Volume 2013, Article ID 809798, 8 pages
http://dx.doi.org/10.1155/2013/809798
Review Article

Histopathological Implications of Aspergillus Infection in Lung

1Department of Surgical Pathology, Toho University School of Medicine, 6-11-1 Omori-Nishi, Ota-Ku, Tokyo 143-8541, Japan
2Division of Pulmonary Medicine, Toho University School of Medicine, 6-11-1 Omori-Nishi, Ota-Ku, Tokyo 143-8541, Japan
3Division of Chest Surgery, Toho University School of Medicine, 6-11-1 Omori-Nishi, Ota-Ku, Tokyo 143-8541, Japan
4Department of Dermatology, Peking University First Hospital, 8# Xishiku Street, Xicheng District, Beijing 100034, China

Received 24 July 2013; Revised 26 October 2013; Accepted 29 October 2013

Academic Editor: Alex Kleinjan

Copyright © 2013 Naobumi Tochigi et al. This is an open access article distributed under the Creative Commons Attribution License, which permits unrestricted use, distribution, and reproduction in any medium, provided the original work is properly cited.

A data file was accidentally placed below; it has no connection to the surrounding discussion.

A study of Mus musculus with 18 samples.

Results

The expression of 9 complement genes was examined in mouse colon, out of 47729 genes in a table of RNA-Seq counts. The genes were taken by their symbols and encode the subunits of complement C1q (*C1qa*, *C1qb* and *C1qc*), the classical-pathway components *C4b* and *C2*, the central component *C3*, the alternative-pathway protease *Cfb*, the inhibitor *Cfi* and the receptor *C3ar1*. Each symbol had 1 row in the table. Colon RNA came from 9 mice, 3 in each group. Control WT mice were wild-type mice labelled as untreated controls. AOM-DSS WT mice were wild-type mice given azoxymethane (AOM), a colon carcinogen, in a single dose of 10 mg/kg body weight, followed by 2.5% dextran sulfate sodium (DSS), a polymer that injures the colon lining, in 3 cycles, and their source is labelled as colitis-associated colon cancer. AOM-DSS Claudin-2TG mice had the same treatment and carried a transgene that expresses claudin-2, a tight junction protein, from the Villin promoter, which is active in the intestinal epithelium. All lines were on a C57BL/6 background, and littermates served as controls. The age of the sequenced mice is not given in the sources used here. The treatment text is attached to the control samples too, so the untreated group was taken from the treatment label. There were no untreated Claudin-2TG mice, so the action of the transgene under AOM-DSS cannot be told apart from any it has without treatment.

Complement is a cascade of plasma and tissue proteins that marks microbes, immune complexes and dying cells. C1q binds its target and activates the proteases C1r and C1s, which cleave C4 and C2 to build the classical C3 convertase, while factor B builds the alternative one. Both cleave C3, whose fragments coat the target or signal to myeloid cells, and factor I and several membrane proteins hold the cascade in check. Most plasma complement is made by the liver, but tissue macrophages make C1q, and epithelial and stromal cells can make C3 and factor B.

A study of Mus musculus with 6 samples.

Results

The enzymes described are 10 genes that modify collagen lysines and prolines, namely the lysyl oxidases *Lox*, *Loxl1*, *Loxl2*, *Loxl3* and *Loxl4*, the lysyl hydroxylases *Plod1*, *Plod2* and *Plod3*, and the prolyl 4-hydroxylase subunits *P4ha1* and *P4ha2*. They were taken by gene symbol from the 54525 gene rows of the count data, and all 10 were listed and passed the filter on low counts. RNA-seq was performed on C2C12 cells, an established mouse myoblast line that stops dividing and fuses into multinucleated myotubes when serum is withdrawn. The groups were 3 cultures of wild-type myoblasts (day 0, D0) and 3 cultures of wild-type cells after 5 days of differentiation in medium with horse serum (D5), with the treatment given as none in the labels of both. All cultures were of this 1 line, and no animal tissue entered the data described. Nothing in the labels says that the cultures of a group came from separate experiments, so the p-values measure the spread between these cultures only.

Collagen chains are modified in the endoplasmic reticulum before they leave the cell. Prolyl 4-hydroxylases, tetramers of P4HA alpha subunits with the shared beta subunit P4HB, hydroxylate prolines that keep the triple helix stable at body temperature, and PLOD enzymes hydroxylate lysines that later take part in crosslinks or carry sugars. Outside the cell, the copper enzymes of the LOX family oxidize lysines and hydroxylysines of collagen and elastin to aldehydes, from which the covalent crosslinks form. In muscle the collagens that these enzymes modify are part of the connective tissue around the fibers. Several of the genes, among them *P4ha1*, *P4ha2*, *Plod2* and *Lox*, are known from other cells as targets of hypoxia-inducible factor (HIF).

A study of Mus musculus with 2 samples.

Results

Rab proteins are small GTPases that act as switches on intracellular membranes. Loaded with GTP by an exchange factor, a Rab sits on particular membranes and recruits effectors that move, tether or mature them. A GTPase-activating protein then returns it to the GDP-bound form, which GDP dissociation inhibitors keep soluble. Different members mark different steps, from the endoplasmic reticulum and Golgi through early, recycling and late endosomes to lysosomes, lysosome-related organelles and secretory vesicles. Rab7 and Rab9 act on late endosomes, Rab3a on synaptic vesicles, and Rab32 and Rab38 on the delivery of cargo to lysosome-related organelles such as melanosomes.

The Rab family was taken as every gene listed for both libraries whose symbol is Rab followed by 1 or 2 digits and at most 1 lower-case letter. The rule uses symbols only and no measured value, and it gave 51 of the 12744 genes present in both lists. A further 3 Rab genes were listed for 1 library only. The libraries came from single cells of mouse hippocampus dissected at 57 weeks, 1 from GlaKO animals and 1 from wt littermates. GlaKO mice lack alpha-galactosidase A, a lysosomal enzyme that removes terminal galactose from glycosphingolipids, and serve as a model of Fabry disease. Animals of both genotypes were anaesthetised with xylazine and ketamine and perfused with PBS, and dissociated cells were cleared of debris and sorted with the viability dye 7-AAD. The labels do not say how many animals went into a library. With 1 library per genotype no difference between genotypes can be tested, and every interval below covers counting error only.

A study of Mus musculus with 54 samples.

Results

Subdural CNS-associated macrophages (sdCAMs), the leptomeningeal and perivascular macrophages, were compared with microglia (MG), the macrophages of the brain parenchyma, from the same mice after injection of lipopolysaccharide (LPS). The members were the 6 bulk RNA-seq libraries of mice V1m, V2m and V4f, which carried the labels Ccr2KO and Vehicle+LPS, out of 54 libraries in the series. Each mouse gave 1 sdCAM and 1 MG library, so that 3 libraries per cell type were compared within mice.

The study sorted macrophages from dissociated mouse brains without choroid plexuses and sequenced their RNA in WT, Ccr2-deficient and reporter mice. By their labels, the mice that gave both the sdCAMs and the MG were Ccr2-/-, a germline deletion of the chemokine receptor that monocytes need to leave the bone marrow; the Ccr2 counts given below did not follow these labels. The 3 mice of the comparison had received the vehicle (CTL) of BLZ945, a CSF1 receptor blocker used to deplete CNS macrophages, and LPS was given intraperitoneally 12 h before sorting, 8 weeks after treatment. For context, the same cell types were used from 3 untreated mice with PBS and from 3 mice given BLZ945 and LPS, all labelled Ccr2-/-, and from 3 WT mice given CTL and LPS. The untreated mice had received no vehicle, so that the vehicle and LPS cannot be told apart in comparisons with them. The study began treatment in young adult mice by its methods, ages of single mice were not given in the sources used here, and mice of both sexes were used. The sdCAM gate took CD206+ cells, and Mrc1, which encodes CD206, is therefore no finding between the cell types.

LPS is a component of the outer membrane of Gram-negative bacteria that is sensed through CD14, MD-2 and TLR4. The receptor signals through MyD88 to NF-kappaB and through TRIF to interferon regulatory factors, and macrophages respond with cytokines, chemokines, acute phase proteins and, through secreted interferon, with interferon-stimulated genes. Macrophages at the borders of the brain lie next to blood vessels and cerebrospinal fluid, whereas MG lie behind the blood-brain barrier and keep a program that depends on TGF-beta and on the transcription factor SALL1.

Abstract

This paper opens with a discussion on the significance of invasive fungal infections in advanced contemporary medicine, with an emphasis on the intractability of disease management and the difficulties of diagnosis. This is followed by a discussion concerning classification, histopathological features, and pathophysiology. While it has been largely accepted that Aspergillus species is recognized by cellular receptors and attacked by neutrophils, the radiological and macroscopic findings linking infection with neutropenia remain unconfirmed. In an effort to gain a better understanding of the pathophysiology and pathogenesis of invasive aspergillosis, we wish to emphasize the utility of radiological and histopathological examinations since these can provide detailed information on the extremely complex interaction between the causative microbes and tissue responses. A review of noninvasive or semi-invasive aspergillosis is also provided, with particular emphasis on chronic necrotizing pulmonary aspergillosis, which is recognized as a transition form of simple pulmonary aspergilloma and invasive pulmonary aspergillosis, although few findings have been reported in this area.